Last week, a federal district court in Texas struck down the Final Rule, associated with overtime, that was proposed by the U.S. Department of Labor (DOL) under the Obama administration. According to the DOL, the rule would have expanded eligibility for overtime pay under the Fair Labor Standards Act (FLSA) to approximately 4.2 million workers. In November 2016, the same court issued a temporary injunction, blocking the rule from taking effect on December 1, 2016, until it could determine the legality of the rule and whether the DOL has the authority to enact it.

Under the FLSA, employers must pay employees at least the federal minimum wage – currently, $7.25 per hour – for all hours worked, as well as overtime pay at 1½ times their regular rate of pay for all hours worked above 40 in a week. The FLSA exempts “any employee employed in a bona fide executive, administrative or professional capacity” from the minimum wage and overtime requirements. Under current federal regulations, to be exempt from overtime pay, an employee must meet the following three criteria:

  1. The employee must be paid on a salary basis (the salary-basis test);
  2. The employee must be paid at least the minimum salary level established by regulations (the salary-level test); and
  3. The employee must perform executive, administrative or professional capacity duties as established by regulations (the duties test).

In response to a March 2014 memorandum from President Obama directing the Secretary of Labor to “modernize and streamline the existing overtime regulations for executive, administrative and professional employees,” the DOL proposed a revision to the minimum salary level required for exemption from overtime pay (the salary-level test).  Under what is referred to as the Final Rule, the minimum salary level for exempt employees more than doubled – from $455 per week ($23,660 annually) to $913 per week ($47,476 annually) – and would be automatically adjusted every three years.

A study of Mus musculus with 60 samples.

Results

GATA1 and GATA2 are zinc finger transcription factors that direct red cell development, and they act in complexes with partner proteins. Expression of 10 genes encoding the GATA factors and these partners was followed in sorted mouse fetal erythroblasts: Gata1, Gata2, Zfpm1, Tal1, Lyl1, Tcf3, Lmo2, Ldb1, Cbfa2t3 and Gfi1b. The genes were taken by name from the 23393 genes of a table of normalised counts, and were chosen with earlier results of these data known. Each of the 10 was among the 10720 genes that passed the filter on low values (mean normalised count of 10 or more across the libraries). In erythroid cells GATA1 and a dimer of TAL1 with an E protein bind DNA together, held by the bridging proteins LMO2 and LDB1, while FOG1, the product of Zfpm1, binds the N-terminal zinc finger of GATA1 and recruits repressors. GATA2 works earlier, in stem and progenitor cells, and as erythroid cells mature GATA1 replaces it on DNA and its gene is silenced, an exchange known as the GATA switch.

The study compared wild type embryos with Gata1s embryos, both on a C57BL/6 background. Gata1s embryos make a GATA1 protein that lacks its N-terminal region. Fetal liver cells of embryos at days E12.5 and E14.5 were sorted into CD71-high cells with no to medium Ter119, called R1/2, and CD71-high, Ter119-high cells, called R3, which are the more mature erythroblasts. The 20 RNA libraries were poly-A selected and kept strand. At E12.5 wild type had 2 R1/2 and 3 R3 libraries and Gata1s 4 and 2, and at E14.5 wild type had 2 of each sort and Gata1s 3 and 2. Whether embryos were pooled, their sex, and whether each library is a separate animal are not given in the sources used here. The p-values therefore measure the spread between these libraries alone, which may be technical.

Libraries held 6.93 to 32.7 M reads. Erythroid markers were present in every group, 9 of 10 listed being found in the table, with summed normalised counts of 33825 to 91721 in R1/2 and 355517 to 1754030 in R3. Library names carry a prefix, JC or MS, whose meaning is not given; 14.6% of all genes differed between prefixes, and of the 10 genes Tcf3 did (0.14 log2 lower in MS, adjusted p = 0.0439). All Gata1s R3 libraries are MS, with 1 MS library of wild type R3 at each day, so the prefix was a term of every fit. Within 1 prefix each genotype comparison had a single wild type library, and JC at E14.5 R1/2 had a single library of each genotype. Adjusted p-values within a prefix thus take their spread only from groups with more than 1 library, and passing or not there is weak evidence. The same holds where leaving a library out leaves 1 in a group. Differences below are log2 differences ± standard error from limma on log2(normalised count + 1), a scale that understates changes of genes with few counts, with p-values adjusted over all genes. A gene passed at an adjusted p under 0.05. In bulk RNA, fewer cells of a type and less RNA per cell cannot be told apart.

When the court issued its final decision on August 31, 2017 invalidating the rule, it did so on grounds that the minimum salary required to qualify for an exemption from overtime was so high that it would “effectively eliminate” other requirements for overtime eligibility, such as the kind of duties an employee performs (the duties test). In his ruling, Judge Amos Mazzant wrote, “The department creates a final rule that makes overtime status depend predominantly on a minimum salary level, thereby supplanting an analysis of an employee’s job.”

While there is speculation that the DOL under the Trump administration will propose a more modest increase to the minimum salary level, the current federal regulations remain in effect.

Click here to read the decision from the United States District Court, Eastern District of Texas.